Tips for Choosing the Right Business Location

When it comes to starting your own business, or growing your existing one, entrepreneurs agree that site location is one of the most crucial—and challenging—components for success. Selecting a location requires an extensive amount of research and planning, but luckily resources are available to help guide you through the process.

Here are four pieces of information to cover in order to make the right locale decision for your business:

1. Know Your Demographic                                     

The first thing you need to do is assess your target demographic. The type of customers you are trying to attract will play a role in determining where to place your business. Take this simple example: If you are a high-end steak house, you won’t want to locate your business in a college market.

Network with fellow entrepreneurs who work in the area and talk to real estate professionals, who have the expertise and resources to help you figure out different demographic groups and whether a location is consistent with the brand image you want to maintain.

2. Understand Your Business Model

Truly understand your business model. If a typical model for your business calls for 2,500 square feet of space, stick to that model. While planning for further growth is important, do not lease a 4,000-square-foot facility expecting the same results. Instead look for a building that has the opportunity to expand for more space should you need it.

Take into consideration the ideal model and why it has been successful for others.

3. Recognize Your Site Characteristics

One of the most important factors is your lease cost—and cheaper isn’t always better. It is important to look at the visibility, parking, entrance and exit when picking a location.

Consider the hidden costs. Very few spaces are business-ready, so take into account the costs for renovation and essential building updates for your new potential location.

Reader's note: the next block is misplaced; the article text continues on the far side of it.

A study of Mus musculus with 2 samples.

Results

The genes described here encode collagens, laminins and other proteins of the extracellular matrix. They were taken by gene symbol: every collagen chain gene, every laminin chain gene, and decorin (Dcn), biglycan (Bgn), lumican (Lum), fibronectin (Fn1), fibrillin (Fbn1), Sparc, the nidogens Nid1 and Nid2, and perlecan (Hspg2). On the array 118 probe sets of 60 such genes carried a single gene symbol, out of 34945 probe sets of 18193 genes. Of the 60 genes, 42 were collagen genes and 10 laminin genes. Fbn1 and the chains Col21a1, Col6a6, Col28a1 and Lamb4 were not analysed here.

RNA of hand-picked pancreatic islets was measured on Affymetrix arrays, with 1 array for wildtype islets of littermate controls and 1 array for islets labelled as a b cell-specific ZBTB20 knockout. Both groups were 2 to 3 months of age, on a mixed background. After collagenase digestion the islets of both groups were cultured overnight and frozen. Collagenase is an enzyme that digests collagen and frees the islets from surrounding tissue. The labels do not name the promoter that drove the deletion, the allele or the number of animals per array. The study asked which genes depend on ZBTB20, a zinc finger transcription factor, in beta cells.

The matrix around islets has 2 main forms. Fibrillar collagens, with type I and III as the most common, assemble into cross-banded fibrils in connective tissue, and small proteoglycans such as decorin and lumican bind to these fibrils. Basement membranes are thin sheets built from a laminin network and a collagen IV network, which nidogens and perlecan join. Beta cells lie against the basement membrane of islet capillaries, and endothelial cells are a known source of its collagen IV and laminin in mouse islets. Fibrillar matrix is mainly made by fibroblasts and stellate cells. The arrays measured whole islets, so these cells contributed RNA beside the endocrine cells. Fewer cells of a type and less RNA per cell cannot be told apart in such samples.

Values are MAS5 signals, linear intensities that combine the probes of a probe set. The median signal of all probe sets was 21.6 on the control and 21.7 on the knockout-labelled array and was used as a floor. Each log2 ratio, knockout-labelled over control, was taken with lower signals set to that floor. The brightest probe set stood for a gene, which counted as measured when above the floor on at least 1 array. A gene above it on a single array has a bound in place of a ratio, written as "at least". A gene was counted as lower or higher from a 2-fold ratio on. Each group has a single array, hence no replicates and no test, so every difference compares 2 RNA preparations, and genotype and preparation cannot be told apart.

Sometimes it is worth it to pay a little more for a site that offers all the key metrics that you need, instead of settling for less viability because it saves you a few dollars. There is a reason why drug stores and fast-food companies buy the hard corners and pay big dollars.

Another important item to understand is natural barriers. Features of interstates, rivers, railroad tracks and other surroundings can play a huge role in picking the right location. People tend to avoid driving over or around barriers, so pay attention to how this could affect your traffic flow to your location.

4. Identify Your Competitors

No matter what industry you are in, you will always have competitors. The best way to beat them is to understand them. Do some research, figure out their target demographic and understand their business model to see what you can offer or do differently in order to attract their customers. Decipher if your competition is complementary or competing.

Site selection is not an easy task, and it will set the course for your new business. A distance of half a mile, being on the wrong side of the street or lack of visibility can change your top line sales by as much as 30 to 40 percent. 

Do your homework, hire a real estate professional who understands your segment, and do not base your final decision purely on cost.

The key to success starts with the right location.

So what if you’re starting a business from your home? Make sure it’s in line with the law. Find out 3 things you should know before launching.

–with additional information from the Small Business Administration


Seth Casden is the CEO and co-founder of Hologenix, a company dedicated to developing products that enhance people’s lives by empowering them to take charge of their health. Celliant, its flagship product, is a responsive textile using infrared technology and is clinically proven to temporarily increase local circulation and improve cellular oxygenation, resulting in stronger performance, faster recovery, and better sleep. The FDA has determined that Celliant products are medical devices, as defined in section 201(h) of the Federal Food, Drug, and Cosmetic Act, and are general wellness products. Before founding Hologenix in 2002, Seth earned a degree in business administration and worked in private equity. His mission is to continue exploring how responsive textiles can improve the quality of people’s lives and amplify their potential.